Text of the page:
It is known that our sages, of blessed memory, said : "Whoever is accustomed to come to the Synagogue, and one day did not come, the Holy One, blessed is He, makes inquiry about him; for it is said 'who among you fears the Lord....'"

The same applies to all the commandments, and especially the precept of charity, "Which is balanced against all the commandments." Though it is without a vow, Heaven forfend, nevertheless, it is not becoming to the divine soul of all the men of valour whose hearts the fear of the Lord has touched to make a diminution in what is holy, relative to what they were accustomed to set aside, annually, from their wealth, to revive the spirit of the humble and downcast who have nothing of their own. It is "The Hut of David that is fallen ...." to raise and to exalt... "That it be united in the One ..." And everything is according to the quantity of the deed .... and according to the amount (cheshbon). Thus our sages, of blessed memory, said "Every coin adds up to a great amount (cheshbon)," and as the saying of our sages, of blessed memory: "When is the Lord great? When He is 'in the city of our G‑d...." It is the aspect and place of the cheshbon, as it is written: "Your eyes are wells in Cheshbon"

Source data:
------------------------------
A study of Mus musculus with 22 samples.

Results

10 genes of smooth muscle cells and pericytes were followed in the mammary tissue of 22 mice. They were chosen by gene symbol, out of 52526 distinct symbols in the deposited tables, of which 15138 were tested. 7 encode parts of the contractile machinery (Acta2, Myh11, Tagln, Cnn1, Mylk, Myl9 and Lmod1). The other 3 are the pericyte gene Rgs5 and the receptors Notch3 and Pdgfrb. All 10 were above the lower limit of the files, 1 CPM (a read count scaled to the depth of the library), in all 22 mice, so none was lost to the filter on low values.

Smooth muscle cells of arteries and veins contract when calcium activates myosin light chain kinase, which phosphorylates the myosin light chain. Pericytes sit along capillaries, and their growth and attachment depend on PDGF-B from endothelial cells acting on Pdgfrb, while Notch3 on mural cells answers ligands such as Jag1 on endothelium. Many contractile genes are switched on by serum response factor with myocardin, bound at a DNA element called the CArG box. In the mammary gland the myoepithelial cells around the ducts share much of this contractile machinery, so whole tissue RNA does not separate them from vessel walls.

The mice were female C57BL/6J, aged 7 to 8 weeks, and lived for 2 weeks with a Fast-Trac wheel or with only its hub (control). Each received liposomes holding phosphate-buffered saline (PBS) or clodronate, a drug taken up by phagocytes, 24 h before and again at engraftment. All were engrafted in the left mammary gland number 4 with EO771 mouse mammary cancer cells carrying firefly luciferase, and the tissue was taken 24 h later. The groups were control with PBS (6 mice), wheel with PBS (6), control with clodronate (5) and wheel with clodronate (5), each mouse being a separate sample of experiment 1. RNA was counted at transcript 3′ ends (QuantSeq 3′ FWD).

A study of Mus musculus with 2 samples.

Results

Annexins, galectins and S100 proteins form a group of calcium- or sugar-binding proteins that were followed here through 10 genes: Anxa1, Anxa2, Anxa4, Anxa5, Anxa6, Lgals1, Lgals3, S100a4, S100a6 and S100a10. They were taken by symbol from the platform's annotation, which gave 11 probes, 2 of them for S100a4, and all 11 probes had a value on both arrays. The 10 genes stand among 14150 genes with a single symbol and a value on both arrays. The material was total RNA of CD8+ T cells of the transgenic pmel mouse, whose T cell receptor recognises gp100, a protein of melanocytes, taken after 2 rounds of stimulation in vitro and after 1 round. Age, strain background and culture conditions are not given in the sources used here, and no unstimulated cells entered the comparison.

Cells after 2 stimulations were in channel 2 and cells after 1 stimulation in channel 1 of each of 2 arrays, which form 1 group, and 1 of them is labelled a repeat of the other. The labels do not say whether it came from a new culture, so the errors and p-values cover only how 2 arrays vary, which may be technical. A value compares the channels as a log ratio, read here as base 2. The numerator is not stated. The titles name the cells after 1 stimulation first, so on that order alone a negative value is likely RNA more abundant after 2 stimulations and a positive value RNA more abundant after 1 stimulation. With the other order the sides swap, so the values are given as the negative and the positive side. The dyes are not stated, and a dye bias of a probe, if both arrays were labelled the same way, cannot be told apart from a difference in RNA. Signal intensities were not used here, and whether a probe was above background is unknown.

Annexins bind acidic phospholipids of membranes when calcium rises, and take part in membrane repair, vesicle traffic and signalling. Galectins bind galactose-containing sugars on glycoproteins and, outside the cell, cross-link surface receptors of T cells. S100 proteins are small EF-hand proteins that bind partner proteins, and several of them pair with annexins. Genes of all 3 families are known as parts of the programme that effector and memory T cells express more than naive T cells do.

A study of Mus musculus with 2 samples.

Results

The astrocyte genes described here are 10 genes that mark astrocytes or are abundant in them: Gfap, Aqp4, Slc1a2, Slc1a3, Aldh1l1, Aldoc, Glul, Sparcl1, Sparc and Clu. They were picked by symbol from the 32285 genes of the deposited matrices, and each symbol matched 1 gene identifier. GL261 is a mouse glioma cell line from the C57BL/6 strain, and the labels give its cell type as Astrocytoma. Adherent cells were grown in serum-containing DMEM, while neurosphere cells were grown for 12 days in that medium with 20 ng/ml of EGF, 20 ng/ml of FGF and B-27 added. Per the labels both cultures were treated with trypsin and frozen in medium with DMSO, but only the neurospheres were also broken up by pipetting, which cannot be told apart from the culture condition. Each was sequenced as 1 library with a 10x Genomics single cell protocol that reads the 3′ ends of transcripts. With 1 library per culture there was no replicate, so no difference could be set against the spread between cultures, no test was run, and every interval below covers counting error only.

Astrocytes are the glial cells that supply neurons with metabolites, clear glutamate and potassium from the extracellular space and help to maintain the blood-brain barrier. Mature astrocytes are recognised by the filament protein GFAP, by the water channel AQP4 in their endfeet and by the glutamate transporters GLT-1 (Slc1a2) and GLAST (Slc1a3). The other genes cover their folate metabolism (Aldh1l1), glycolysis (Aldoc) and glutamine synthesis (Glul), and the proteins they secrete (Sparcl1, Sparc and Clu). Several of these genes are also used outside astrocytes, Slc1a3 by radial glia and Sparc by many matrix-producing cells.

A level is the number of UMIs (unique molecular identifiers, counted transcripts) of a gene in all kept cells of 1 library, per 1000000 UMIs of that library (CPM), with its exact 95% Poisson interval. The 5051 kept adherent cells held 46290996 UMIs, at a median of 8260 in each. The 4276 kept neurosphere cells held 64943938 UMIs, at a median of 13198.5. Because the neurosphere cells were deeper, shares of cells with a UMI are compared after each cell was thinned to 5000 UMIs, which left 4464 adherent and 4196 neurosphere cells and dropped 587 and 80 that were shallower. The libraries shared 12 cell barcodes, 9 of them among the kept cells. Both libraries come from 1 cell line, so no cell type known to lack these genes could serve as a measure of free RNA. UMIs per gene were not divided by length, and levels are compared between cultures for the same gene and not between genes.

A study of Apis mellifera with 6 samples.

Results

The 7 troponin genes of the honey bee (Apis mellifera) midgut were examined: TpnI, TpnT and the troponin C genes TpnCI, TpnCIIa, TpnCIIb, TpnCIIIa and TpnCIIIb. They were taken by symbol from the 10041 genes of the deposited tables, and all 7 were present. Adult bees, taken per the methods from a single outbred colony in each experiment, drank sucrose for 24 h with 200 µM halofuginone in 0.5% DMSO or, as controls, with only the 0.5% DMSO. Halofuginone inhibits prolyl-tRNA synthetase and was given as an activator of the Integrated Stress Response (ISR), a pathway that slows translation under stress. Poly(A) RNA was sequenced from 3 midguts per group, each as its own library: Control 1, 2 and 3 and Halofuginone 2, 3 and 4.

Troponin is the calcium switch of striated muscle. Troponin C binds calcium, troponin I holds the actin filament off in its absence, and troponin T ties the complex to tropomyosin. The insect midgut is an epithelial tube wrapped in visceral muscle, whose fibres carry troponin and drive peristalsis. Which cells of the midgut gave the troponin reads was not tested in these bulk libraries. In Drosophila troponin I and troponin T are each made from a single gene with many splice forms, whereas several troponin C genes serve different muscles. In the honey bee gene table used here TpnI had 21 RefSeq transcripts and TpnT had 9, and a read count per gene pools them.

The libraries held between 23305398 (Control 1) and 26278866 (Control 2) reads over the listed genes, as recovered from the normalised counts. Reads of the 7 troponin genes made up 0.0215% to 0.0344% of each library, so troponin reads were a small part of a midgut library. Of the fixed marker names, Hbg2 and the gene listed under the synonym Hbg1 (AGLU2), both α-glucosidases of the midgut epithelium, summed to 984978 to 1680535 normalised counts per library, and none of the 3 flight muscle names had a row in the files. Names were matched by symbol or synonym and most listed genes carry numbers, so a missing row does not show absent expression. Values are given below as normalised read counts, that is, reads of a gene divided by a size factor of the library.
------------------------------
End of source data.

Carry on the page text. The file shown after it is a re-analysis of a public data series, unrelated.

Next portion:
The meaning is that, as known, an arousal from below [the issuance of life, grace and kindness by an act of charity out of a good will and a friendly countenance ] elicits an arousal from above: "The Lord will make His Countenance shine," i.e. a radiation and issue of grace, chesed, and Supreme favour, from the Fountainhead of life, the blessed En Sof [to whose greatness there is no searching and apprehension whatever], to the aspect of "Your malchut is the malchut of all worlds," the "world of manifestation" (alma deitgalya). It animates all the creatures [that are in all the upper and lower hechalot ] which are in a category of number and amount (cheshbon), as it is written: "A thousand thousands minister unto Him."

This is the meaning of the "great amount," because the quantitative act of charity brings about peace. The meaning of "peace" is to join and conciliate two opposite extremes. (In our context) these are the extremity of the superior heaven, the aspect of "And to His greatness there is no searching" and the extremity of the inferior heaven— which vests itself in Beriah, Yetzirah and Asiyah, (that is, in) a category of limitation and number, and suffice this for the initiated.